Разбира се, може би всичко е само въпрос (отново) на долен заговор срещу България, (отново) извършен не без участието на цяло ято мръсници и антипатриоти. Ако някой е достатъчно глупав, за да си мисли така, то плащането на хонорари за "лобиране в Европейската комисия" е напълно оправдано. То е все едно, както май се разказваше в Записките на Захари Стоянов, да лекуваш някой болнен, като му гърмиш с пищов в ухото и го биеш с пръчка, за "да се изплаши болестта и да избяга".
Ето впрочем и самата статия:
Bulgaria risks becoming EU cautionary tale
(Stephen Castle, International Herald Tribune, 27.10.2008)
When Bulgaria joined the European Union last year, this was supposed to mark the start of an ambitious drive to modernize the former Soviet bloc country and bring it finally into the European political mainstream.
Twenty-two months later, the Bulgarian government has only a few weeks to avert the loss of millions of euros in European subsidies - and an unprecedented sanction from Brussels.
At stake for Bulgaria is almost half a billion euros of aid that was frozen in July after a scathing report from the European Commission concluded that the money was vulnerable to fraud and mismanagement. European officials are due in Sofia this week to conduct an audit and, if this goes badly, Bulgaria will lose €220 million, or $277 million, of the frozen aid because of a deadline that expires next month.
Sluggish Bulgarian progress on combating irregularities and its lack of convictions in cases involving high-level corruption have become a stark reminder of the difficulties of integrating fragile, ex-Communist nations.
With relations poor between the EU and Russia after Moscow's military action in Georgia, Europe wants to improve ties with countries on its eastern flank. Offering them a path to membership might be an obvious strategy.
But EU countries have pulled back from making such promises. At a summit with Ukraine last month, for example, the EU pledged closer ties, but avoided any commitment to offering Kiev a clear path toward membership in the bloc.
Bulgarian and Romanian accession illustrates why officials are erring on the side of caution.
One of the unstated reasons for admitting Bulgaria and Romania in 2007 was to keep them out of Moscow's growing sphere of influence. But that has come at a price.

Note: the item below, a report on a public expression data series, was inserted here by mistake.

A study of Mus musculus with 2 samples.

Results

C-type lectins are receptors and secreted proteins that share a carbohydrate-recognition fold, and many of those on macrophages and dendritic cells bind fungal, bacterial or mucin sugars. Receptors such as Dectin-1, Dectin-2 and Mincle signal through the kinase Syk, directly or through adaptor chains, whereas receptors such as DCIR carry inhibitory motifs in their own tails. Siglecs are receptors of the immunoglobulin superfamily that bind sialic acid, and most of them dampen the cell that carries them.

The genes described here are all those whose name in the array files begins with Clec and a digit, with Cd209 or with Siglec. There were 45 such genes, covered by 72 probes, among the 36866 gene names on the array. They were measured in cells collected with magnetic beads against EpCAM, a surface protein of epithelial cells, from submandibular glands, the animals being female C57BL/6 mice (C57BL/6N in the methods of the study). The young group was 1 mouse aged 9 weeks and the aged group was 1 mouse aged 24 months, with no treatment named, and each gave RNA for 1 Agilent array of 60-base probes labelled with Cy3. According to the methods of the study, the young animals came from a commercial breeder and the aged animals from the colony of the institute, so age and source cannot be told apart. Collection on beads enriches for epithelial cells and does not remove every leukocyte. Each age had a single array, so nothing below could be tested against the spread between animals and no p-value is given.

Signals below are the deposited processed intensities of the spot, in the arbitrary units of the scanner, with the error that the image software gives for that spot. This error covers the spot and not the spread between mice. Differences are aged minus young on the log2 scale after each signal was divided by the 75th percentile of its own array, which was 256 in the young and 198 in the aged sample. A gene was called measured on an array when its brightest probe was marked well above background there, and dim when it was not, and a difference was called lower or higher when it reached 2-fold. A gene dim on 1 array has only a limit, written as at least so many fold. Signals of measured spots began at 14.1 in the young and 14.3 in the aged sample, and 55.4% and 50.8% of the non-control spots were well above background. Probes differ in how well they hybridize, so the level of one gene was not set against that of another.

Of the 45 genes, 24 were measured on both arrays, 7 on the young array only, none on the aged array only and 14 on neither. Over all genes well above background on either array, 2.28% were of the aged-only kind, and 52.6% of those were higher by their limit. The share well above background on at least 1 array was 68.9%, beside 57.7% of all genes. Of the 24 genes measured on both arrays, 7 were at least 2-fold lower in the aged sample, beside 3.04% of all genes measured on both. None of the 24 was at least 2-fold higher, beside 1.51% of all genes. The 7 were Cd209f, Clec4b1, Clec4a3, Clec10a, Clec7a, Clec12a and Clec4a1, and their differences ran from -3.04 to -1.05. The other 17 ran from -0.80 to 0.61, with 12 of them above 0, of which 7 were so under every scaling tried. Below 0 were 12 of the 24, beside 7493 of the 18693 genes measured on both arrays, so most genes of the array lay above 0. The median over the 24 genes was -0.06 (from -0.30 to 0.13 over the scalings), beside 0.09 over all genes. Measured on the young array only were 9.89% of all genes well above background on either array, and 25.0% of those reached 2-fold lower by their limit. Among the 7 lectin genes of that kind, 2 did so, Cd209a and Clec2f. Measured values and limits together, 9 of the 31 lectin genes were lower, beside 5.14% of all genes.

Some €11 billion in subsidies are due to be paid between 2007-13, and officials are alarmed that much of it might be siphoned off by criminals.
Since July, the Bulgarian government has sought to give the impression that it is campaigning hard to redress weaknesses, identifying 101 new cases of suspected irregularities in agriculture funding.
Earlier this month, a Bulgarian businessman, Mario Nikolov, was one of a group of people who went on trial, accused of fraudulently obtaining EU agriculture subsidies. Nikolov's business empire was described in a leaked report from the EU fraud investigation unit, Olaf, as a "criminal company network."
Critics in the opposition, like Nickolay Mladenov, a center-right Bulgarian member of the European Parliament foreign affairs committee, remain unconvinced than the government has made proper reforms.
"People need to be convinced," Mladenov said, "not just in Brussels but in Bulgaria, that procedures have been put in place so that this does not happen again and that those responsible are arrested and put on trial. The problem is that this whole situation affects negatively projects that are not corrupt - initiatives that the country needs."
The spokesman for Olaf, Alessandro Buttice, appeared to agree Monday. "The performance of the judiciary is still questionable," Buttice said in a statement. "The dismissal of cases in court without convincing explanations is still frequent."
Commission officials are also concerned about Romania. Earlier this month, the European Commission president, José Manuel Barroso, urged the Romanian government "to treat the fight against high-level corruption as an issue of national importance."
Bulgarian and Romanian ministers argue that their countries face tougher scrutiny than nations that joined the EU in 2004 because the climate of public opinion has hardened against enlargement.
That idea was rejected by Mark Gray, a spokesman for the European Commission, who said that, while weaknesses had been identified in other nations, "these were the two countries where the EU felt that a specific mechanism was required" to deal with problems.
"Specific commitments were made by Bulgaria and Romania at the time of accession," Gray said, "and the EU is determined that these commitments must be honored."
Nicu Popescu, research fellow at the European Council on Foreign Relations, said that the problems in Romania and Bulgaria have given opponents of EU enlargement a new argument. "No one in the EU talks about Moldova or Ukraine joining the bloc in the near future," he added.
The case of Bulgaria and Romania - both given an accession date before they had made essential reforms - has already prompted the European Commission to take a sterner look at potential new members, including Croatia.
And the Croatians are facing their own challenges, as illustrated last week by the slaying of a prominent journalist, Ivo Pukanic, killed by a hidden explosive device. The EU is pressing Croatia to combat corruption and organized crime.
"What has happened in Romania and Bulgaria has changed the rules of the game," said Mladenov, the Bulgarian member of the European Parliament.